Niels Nygaard is one of two contenders for the position of EOC vice-president ©EOC

Denmark's Niels Nygaard has cited improved governance standards as a priority if elected vice-president of the European Olympic Committees (EOC) here tomorrow while Dutch opponent André Bolhuis wishes to foster greater collaboration between the continent's 50 member federations.

The duo, respective Presidents of the National Olympic Committee and Sports Confederation of Denmark (DIF) and The Netherlands Olympic Committee and Sport Federation (NOC-NSF), are the only two candidates vying for a single position at tomorrow's EOC General Assembly.

It is the only senior position for which there will be contested elections as Slovenia's Janez Kocijančič, Italy's Raffaele Pagnozzi and Cyprus' Kikis Lazarides are unopposed for the roles of President, secretary general and treasurer respectively. 

Kocijančič was formerly the vice-president before assuming the Presidential role on a temporary basis last year when Ireland's Patrick Hickey stood-down last year to fight charges in Brazil - which he denies - relating to alleged involvement in a ticketing scam.

Nygaard, a Danish indoor champion over 1,500 metres in 1972 who has led the DIF since 2007 and sat on the EOC Executive Committee since 2013, has vowed to help all European NOCs improve governance standards.

"We have been successful in Denmark in many ways: by winning medals but also by bringing more people into active sport," the 64-year-old told insidethegames here today.

"I want to use that experience to make a difference to the development of the EOC.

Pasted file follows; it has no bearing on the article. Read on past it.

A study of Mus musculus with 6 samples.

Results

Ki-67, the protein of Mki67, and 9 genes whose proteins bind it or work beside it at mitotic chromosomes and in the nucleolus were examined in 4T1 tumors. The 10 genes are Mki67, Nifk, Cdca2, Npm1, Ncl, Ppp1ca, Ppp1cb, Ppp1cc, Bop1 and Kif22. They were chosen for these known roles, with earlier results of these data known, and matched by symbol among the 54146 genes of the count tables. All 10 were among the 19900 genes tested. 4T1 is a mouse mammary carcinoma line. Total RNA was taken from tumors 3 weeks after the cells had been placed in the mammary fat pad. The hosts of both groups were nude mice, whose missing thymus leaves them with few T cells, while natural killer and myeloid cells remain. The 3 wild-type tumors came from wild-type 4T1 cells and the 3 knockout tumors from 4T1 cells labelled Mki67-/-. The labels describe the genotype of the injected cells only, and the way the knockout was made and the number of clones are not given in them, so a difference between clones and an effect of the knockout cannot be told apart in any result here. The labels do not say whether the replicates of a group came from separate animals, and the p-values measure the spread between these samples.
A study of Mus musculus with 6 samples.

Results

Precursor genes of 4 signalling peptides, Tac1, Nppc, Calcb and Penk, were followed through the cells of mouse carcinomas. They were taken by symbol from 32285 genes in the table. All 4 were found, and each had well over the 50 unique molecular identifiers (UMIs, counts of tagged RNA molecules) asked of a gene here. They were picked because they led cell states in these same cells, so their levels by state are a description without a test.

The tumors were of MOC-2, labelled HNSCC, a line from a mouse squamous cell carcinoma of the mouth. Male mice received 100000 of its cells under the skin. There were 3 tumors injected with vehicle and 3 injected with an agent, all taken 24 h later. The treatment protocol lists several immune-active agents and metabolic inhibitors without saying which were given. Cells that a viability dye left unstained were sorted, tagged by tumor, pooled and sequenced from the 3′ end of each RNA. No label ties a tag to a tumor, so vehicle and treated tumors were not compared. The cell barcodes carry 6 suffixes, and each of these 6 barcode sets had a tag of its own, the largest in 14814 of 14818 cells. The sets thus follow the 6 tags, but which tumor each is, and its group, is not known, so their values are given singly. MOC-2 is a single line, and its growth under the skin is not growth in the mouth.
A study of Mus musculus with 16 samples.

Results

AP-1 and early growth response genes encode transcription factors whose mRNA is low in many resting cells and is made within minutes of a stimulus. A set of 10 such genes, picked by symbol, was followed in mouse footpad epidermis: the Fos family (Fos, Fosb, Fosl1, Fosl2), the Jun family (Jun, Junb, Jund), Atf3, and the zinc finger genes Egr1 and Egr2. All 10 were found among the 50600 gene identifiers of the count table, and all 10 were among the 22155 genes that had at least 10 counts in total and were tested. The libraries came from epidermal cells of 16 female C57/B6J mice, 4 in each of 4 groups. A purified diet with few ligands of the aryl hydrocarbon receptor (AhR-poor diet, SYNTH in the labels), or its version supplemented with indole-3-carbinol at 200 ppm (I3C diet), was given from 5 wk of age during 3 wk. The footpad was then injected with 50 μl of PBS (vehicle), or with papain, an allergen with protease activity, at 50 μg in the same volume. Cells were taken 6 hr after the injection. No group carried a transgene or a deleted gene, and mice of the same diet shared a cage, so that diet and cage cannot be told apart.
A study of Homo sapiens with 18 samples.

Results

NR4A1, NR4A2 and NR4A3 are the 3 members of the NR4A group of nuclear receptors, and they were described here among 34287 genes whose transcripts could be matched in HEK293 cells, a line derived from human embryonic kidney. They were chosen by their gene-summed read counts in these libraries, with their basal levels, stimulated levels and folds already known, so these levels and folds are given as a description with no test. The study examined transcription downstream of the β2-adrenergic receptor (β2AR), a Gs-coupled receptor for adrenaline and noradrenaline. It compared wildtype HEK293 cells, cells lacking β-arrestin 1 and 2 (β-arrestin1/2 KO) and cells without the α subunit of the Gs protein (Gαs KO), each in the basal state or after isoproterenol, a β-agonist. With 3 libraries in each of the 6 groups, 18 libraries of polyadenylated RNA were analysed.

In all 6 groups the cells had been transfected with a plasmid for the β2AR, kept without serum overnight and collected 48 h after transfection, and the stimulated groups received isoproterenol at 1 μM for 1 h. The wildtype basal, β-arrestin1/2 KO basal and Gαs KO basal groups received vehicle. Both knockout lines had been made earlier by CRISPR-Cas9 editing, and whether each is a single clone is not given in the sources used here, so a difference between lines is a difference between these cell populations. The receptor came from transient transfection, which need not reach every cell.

"My other key priority is good governance, which I believe is something very important to maintain the reputation of the sports world."

André Bolhuis is standing for EOC vice-president ©Getty Images
André Bolhuis is standing for EOC vice-president ©Getty Images

Nygaard added: "In the EOC, as in other organisations, we have to make things transparent and ensure high levels of ethics and transparency.

"The Olympic Movement has a big challenge to work with these principles.

"I think the International Olympic Committee and its President, Thomas Bach, have set the tone about how we should work in a good manner - it requires cultures in Olympic Movement and International Federations to adapt to these principles.

"I am not meaning to criticise sporting bodies, but we have to help each others.

"This is an area which i feel strongly about and I would work to give help within the EOC."

Bolhuis is a two-time hockey Olympian for The Netherlands who carried the nation's flag at the Opening Ceremony of Montreal 1976.

The 71-year-old, a dentist by profession, has led the NOC-NSF since 2010 but has never occupied an EOC Executive Committee role.

“If elected as vice-president I consider it my fundamental duty to contribute to the future success of the EOC," he told insidethegames.

"I am dedicated to working closely with President Janez Kocijancic, the EOC Executive Board, and the European Olympic family. 

"Together, all NOCs, big and small, we can achieve our common goals and keep Europe at the heart of global sports.

"My substantive focus will be on sharing the vast amount of knowledge and insights we collectively have as European NOCs and EOC Commissions."

Janez Kocijančič, left, was the former vice-president but is now the sole candidate to replace Patrick Hickey, centre, in the top position ©Getty Images
Janez Kocijančič, left, was the former vice-president but is now the sole candidate to replace Patrick Hickey, centre, in the top position ©Getty Images

Bolhuis claimed that, "no matter where you go in Europe, every NOC has beautiful stories to tell about how they inspired people - especially young people - to engage in sport and Olympic values".

He added: "I am convinced there is great untapped potential in exchanging our experience and know-how in such important fields as gender equality, healthy lifestyle, and Olympism.

"Our shared knowledge about elite sport and Games preparation will be of great help in keeping our European athletes on the Olympic podium.

"And likewise, active sharing of our individual NOC’s event management experience would be of tremendous help in solidifying the European Games’ position at the pinnacle of Olympic sports in Europe.”

All 50 EOC members will have a vote - meaning both candidates will be seeking a simple majority of 26 votes.